Dragon boaters’ triumph not covered by incentives
Philippine Sports Commission Chair William Ramirez was matter-of-factly and straight to the point while answering the burning question of the day.
Ramirez says Filipino national paddlers who ruled last month’s Dragon Boat World Championship in the United States are not entitled to cash incentives.
The team came home triumphant several days ago with five gold and two silver medals from the 13-nation meet held at Lake Lanier in Gainsville, Georgia.
Amid the backdrop of Filipino podium finishers in the recent Asian Games being awarded millions of pesos in bonuses by the PSC, by President Duterte himself and some wealthy individuals, the team asked the sports funding agency to grant them monetary rewards as well.
But Ramirez was sorry to disappoint the team members belonging to the Philippine Canoe Kayak Dragonboat Federation who went on to redeem themselves in the worlds after scoring zilch at the Asiad in Indonesia.
That’s because they triumphed in an event that does not belong to a listing of international sports contests purposely enumerated under RA 10699, also known as the National Athletes and Coaches Benefits and Incentives Act.
RA 10699’s roster of international sports competitions that “bring honor and recognition to the country” includes, among others, the Summer and Winter Olympic Games, Asian Games, Southeast Asian (SEA) Games, Youth Olympic Games, Paralympic Games, and Asean Para Games.
Also listed among competitions that provide victorious Filipino national athletes, including persons with disabilities, “benefits and incentives” are biennial world level championships participated in by at least 45 countries; biennial Asian continental tournaments where at least 25 countries are competing; and qualifying competitions for world-level games contested by at least 10 countries.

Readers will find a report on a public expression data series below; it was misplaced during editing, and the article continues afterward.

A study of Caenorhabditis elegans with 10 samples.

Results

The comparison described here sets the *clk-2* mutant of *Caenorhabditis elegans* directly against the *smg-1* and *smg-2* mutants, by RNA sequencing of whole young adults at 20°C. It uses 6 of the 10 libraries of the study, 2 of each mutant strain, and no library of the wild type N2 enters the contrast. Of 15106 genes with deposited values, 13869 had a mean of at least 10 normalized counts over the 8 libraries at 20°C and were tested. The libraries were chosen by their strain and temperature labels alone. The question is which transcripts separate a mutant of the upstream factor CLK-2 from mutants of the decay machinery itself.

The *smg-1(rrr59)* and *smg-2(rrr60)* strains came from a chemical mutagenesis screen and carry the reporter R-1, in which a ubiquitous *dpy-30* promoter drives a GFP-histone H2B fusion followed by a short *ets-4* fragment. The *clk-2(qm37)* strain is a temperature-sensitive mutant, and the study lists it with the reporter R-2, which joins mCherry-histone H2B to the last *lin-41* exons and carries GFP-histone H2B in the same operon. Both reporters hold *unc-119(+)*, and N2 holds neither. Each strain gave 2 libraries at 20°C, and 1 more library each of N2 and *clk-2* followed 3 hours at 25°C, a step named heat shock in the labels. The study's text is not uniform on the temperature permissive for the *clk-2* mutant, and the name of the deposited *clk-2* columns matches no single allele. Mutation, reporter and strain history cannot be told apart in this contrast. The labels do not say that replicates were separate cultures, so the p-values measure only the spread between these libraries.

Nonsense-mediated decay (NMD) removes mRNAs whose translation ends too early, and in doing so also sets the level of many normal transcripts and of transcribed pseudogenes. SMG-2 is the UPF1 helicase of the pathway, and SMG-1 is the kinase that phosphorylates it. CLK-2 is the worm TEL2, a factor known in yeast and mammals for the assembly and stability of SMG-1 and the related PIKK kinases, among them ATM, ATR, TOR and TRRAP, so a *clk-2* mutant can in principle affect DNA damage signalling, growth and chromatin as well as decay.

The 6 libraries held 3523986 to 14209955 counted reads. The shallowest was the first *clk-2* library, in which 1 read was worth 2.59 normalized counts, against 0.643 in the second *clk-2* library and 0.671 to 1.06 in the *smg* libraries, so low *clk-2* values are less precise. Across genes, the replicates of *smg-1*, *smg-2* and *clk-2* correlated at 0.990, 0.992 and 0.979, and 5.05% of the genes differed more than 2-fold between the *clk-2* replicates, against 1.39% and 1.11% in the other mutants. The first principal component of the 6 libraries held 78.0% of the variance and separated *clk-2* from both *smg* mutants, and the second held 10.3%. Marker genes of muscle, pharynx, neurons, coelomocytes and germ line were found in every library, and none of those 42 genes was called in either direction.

“The Dragon Boat victory is not covered by the cash incentive act (RA 10699),” Ramirez confirmed to me.
He said, however, that the PSC Board will hold a regular meeting next Tuesday, where “we can initiate a token incentive.”
Ramirez did not elaborate.
Floyd Mayweather Jr. is said to be serious about a rematch with archrival Manny Pacquiao, but not serious enough to want to hold the fight this December.
Showtime Sports president Stephen Espinoza, who’s in discussion with Mayweather and his advisers Al Haymon and Leonard Ellerbe, says he expects the match to occur at “some point early in 2019.”
Mayweather posted on his Instagram account that he wants Pac-May 2 to happen this December to take the headline away from Canelo Alvarez and Gennary Golovkin on the day of their rematch in Las Vegas.
Floyd may have been grabbing attention because of the timing of the rematch announcement. But Espinoza told Boxingscene.com that he thinks Floyd, having talks with boxing’s shakers and movers, “is definitely serious.”